Liverpool have agreed a “significant” settlement with new kit manufacturer Nike to finish the season wearing their current New Balance kits, as an “ethical obligation.”
The Reds were due to begin their deal with Nike on June 1, but with the season spilling over into the summer it was deemed proper to finish the campaign with New Balance.
It had already been reported that Liverpool would wear their existing kits for the remainder of the campaign, with the blessing of Nike, but there were understandable issues with their contract with the American supplier.
And with Liverpool having “always intended to honour what they consider an ethical obligation” to New Balance, Nike “have agreed to put back the activation date until the start of the 2020/21.”
However, this is “in return for significant compensation,” which could feasibly reach into the millions given the new deal is worth £30 million a year.
With a typical kit-deal year stretching from the start of June to the end of May, and next season not expected to start until at least September, Nike’s loss could be worth a minimum of £7.5 million.
That is not factoring in the revenue of sales—which also impacts Liverpool, given the deal is highly incentivised—and the exposure from images of the club winning its first Premier League title wearing the kit.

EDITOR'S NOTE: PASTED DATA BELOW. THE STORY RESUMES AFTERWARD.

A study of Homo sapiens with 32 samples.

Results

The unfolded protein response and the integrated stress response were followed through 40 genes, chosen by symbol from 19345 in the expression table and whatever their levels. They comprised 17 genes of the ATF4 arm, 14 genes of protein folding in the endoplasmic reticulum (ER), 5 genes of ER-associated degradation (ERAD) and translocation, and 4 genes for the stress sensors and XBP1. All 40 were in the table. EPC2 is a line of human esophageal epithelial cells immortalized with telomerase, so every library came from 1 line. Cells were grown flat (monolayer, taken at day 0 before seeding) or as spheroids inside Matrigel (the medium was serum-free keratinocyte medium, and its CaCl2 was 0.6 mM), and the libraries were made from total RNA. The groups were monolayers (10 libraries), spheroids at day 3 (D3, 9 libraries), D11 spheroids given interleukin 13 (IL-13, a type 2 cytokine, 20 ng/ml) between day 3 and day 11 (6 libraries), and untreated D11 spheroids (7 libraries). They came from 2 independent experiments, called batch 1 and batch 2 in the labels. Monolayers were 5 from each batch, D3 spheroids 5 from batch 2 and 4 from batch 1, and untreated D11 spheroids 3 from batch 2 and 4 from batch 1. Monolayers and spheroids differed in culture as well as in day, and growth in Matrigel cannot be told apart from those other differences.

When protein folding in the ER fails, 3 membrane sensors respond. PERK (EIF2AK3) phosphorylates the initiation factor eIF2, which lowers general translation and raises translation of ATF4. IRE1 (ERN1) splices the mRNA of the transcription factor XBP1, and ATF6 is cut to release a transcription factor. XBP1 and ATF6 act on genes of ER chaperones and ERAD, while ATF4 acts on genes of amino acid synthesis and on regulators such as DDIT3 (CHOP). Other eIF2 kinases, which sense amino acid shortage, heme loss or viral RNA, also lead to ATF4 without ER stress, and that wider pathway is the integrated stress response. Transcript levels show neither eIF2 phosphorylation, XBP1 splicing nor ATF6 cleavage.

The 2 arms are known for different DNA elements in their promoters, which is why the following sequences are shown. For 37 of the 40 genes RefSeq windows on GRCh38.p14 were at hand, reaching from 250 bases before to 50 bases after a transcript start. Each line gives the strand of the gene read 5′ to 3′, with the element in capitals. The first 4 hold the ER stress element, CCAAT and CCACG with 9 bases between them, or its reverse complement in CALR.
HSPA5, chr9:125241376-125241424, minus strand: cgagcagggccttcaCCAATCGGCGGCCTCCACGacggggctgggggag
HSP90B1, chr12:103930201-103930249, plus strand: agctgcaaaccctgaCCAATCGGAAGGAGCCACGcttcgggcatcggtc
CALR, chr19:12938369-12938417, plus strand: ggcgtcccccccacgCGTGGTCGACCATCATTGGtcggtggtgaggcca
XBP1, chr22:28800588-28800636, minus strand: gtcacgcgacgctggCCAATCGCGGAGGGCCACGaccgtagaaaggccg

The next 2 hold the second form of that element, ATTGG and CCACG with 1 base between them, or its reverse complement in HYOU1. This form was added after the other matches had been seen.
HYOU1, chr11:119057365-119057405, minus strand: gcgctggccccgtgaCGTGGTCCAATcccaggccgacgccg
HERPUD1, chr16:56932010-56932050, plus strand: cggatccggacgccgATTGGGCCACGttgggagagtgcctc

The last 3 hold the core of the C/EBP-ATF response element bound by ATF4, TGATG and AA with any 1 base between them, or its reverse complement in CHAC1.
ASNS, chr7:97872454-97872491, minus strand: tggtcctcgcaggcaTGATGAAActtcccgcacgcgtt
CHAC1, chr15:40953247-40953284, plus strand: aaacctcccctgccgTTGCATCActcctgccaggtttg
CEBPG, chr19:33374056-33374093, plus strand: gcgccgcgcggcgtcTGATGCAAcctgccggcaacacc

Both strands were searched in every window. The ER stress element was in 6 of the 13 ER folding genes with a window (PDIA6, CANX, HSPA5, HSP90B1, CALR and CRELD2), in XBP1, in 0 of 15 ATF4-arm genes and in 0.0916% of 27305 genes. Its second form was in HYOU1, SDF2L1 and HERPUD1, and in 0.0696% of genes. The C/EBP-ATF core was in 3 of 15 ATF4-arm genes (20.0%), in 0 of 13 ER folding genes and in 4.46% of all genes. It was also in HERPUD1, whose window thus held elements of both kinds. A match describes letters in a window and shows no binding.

New Balance see this as a “major marketing opportunity,” and therefore this is a big boost to the Reds’ current supplier.
Liverpool’s settlement with Nike is another financial setback in an increasingly difficult period, however, with their main revenue streams halted indefinitely as fixtures are postponed and will be played behind closed doors when they resume.
Whether this impacts other areas such as transfers and contract negotiations is unclear, but it is unlikely to help, with the club already expected to oversee a quiet summer of signings.
Speculation over a big-money deal for Timo Werner has been clouded by this reality, and what is effectively another ‘loss’ of capital could affect this further.
There is the prospect, however, that New Balance will be due to pay Liverpool a sizeable bonus for winning the title.
It should be mentioned, also, that the Mail‘s report includes a glaring error as it repeatedly claims Liverpool’s deal with Nike is worth £70 million a year, which is simply a projection based on potential sales.
Whether this calls the veracity of the settlement claims into question is unlikely, but it is certainly an oversight.